Longfellow Links


St. John's, Cambridge
My Lost Youth
The Arrow and the Song
Paul Revere's Ride
A Psalm of Life
The Rainy Day

Henry Wadsworth Longfellow was the most popular and influential American poet of the 19th century and had the widest range and greatest technical skill of all the poets of "the flowering of New England." He influenced the poetic taste of generations of readers throughout the English-speaking world. Combining gentility with the common touch, he was equally successful in lyric and narrative poetry and during his later years became a master of the sonnet. Ballads like The Wreck of the Hesperus and Paul Revere's Ride were familiar to every schoolchild, and Evangeline (1847) became the first enduringly successful long poem written in the United States. His exploration of Indian lore in The Song of Hiawatha (1855) showed his skill in the use of American subject matter, and as a pioneer in the teaching of modern languages, he helped introduce Americans to the literature of Europe.

Longfellow was educated at Bowdoin College, from which he graduated in 1825. He then pursued further studies in Europe and in 1829 became a professor at Bowdoin. From 1835 to 1854 he was Smith Professor of Modern Languages at Harvard. He was twice married, first to Mary Storer Potter in 1831 (she died in 1835) and then, in 1843, to Fanny Appleton, who became the mother of his six children; their extremely happy married life ended tragically in 1861 when she was burned to death. He commemorated her shortly before his own death with the sonnet The Cross of Snow (1879). Longfellow's last visit to Europe (1868-69) was a triumphal tour during which he received honorary degrees from both Oxford and Cambridge. In 1884, two years after his death, he became the first American to be honored with a bust in the Poets' Corner of Westminster Abbey, London.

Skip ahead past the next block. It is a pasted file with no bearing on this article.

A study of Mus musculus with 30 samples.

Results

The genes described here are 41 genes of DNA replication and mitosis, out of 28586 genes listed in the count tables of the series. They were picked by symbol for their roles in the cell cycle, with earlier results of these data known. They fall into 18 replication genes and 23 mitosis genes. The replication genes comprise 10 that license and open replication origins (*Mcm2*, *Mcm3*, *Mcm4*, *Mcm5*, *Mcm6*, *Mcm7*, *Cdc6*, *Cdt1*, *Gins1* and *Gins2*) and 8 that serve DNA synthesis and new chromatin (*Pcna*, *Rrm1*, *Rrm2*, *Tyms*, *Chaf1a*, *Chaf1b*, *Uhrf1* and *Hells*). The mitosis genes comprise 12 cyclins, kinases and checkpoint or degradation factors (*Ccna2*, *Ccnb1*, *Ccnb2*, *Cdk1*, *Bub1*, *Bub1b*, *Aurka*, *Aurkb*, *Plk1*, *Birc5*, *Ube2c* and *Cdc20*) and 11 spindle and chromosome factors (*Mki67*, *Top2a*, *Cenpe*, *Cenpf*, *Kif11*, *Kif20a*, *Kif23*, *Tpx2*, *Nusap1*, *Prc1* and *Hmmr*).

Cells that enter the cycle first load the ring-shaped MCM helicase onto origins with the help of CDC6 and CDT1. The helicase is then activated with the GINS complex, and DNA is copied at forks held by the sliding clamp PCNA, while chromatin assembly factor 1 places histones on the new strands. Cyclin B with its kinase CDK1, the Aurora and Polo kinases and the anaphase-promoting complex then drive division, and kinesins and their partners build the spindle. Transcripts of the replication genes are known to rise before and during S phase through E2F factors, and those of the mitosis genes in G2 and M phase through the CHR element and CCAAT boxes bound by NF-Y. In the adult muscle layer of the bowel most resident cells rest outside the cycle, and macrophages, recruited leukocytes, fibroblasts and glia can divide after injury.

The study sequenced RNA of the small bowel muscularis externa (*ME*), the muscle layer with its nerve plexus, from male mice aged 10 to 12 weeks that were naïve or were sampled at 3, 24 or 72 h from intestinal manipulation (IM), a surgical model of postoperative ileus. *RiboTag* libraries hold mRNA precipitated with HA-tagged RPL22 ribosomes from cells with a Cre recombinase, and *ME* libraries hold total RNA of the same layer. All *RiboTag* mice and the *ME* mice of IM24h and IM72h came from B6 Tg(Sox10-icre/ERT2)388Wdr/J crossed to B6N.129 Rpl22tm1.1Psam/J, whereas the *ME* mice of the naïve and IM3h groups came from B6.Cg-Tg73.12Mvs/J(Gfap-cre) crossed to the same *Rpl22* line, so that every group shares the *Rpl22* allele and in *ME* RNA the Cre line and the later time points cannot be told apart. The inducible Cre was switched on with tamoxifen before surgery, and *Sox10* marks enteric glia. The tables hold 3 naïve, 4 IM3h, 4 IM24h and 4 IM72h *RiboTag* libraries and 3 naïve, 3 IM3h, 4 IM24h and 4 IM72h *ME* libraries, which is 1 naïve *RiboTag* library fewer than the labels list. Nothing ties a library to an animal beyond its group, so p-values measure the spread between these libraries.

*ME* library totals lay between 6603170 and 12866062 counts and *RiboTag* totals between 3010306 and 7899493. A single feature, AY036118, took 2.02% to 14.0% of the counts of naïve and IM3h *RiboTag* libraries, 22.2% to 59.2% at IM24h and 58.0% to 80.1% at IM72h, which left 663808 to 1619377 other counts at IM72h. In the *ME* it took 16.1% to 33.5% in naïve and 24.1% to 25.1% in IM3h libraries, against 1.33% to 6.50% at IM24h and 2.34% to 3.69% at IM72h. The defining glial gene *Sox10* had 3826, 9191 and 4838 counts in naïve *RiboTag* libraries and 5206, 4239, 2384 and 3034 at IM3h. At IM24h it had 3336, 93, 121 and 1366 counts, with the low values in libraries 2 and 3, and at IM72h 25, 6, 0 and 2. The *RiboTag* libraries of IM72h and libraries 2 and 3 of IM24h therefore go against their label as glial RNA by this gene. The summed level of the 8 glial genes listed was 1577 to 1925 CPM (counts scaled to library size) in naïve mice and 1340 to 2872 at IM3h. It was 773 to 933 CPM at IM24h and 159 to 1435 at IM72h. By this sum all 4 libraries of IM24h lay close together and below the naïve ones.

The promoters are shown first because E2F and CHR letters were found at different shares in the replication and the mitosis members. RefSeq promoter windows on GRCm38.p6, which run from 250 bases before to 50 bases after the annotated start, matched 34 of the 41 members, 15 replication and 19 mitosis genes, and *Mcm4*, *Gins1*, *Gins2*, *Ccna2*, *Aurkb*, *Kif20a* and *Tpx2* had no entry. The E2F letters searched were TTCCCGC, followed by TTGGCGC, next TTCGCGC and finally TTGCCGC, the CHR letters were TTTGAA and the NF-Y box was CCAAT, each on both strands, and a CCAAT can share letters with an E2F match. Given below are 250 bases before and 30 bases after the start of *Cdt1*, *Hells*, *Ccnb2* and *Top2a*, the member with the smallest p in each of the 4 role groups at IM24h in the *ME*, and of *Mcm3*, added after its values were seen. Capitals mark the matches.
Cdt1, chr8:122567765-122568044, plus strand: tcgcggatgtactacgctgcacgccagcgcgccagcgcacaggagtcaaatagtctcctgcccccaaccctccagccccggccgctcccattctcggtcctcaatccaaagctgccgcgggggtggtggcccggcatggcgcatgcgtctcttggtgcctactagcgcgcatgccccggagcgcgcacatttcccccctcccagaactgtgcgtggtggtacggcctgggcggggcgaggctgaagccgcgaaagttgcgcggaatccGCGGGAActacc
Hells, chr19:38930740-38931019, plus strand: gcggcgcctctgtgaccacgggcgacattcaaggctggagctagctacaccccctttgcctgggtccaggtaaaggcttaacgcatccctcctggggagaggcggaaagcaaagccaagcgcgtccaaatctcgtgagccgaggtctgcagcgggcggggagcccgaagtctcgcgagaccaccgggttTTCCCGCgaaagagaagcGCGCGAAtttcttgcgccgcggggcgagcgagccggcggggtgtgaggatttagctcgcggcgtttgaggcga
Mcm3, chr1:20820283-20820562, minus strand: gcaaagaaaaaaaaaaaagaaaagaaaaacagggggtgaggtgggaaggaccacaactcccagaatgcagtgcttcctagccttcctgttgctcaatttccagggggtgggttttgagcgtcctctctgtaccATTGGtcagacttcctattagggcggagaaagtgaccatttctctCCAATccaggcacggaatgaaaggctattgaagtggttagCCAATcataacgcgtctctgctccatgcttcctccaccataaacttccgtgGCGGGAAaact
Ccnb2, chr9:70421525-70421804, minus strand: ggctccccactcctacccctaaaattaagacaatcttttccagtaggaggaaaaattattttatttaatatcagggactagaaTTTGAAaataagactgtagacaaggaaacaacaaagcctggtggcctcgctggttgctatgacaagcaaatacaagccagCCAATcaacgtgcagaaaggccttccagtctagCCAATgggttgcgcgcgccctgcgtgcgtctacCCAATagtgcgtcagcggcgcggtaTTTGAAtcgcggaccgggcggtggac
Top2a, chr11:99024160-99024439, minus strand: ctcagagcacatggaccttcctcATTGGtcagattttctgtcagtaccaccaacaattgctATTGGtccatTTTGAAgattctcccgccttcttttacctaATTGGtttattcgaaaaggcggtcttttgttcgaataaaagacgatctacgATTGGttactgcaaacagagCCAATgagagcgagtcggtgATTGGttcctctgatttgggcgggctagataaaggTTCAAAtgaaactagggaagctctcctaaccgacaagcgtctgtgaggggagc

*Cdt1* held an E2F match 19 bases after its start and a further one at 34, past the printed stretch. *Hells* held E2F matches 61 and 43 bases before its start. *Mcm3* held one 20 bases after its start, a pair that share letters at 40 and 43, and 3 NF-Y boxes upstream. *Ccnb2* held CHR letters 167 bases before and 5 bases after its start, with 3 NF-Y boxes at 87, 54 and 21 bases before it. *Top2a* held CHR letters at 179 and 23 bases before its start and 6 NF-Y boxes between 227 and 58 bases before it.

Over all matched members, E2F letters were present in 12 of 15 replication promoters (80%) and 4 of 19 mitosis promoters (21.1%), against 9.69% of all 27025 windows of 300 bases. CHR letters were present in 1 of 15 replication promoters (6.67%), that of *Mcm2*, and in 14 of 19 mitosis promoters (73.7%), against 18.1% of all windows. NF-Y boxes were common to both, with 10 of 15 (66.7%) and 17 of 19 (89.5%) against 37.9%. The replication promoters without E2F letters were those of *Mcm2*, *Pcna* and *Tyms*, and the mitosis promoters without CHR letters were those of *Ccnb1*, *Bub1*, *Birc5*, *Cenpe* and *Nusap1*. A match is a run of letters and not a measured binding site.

Longfellow received wide public recognition with his initial volume of verse, Voices of the Night (1839), which contained the poem A Psalm of Life. His subsequent poetic works include Ballads (1841), in which he introduced some of his most famous poetry, such as The Village Blacksmith, The Skeleton in Armor, and Excelsior; and the notable narrative poem The Courtship of Miles Standish (1858), about a love triangle in colonial New England. Longfellow's other works include The Seaside and the Fireside (1849); Tales of a Wayside Inn (1863), and Ultima Thule (1880). Longfellow also made a verse translation of The Divine Comedy (3 volumes, 1865-1867) by Italian poet Dante Alighieri.

Longfellow's poetic work is characterized by familiar themes and clear, simple, melodious language. Most modern critics, however, are not in accord with the high opinion that was generally held of the author by his contemporaries, and his works are often criticized as sentimental. For his contemporaries, he was a "new poet" who was sometimes reproached for lacking the didacticism that modern readers now complain of in his work. A learned man, he valued spontaneity and simplicity and believed that the purpose of the imagination was not "to devise what has no existence, but rather to perceive what really exists, not creation but insight." A Christian humanist, he generally avoided the sentimental nature pantheism popular in his time, and his essay The Defence of Poetry, published in the North American Review (1832), anticipated much of what Ralph Waldo Emerson would say, five years later, in his address "The American Scholar" to the Harvard Phi Beta Kappa Society.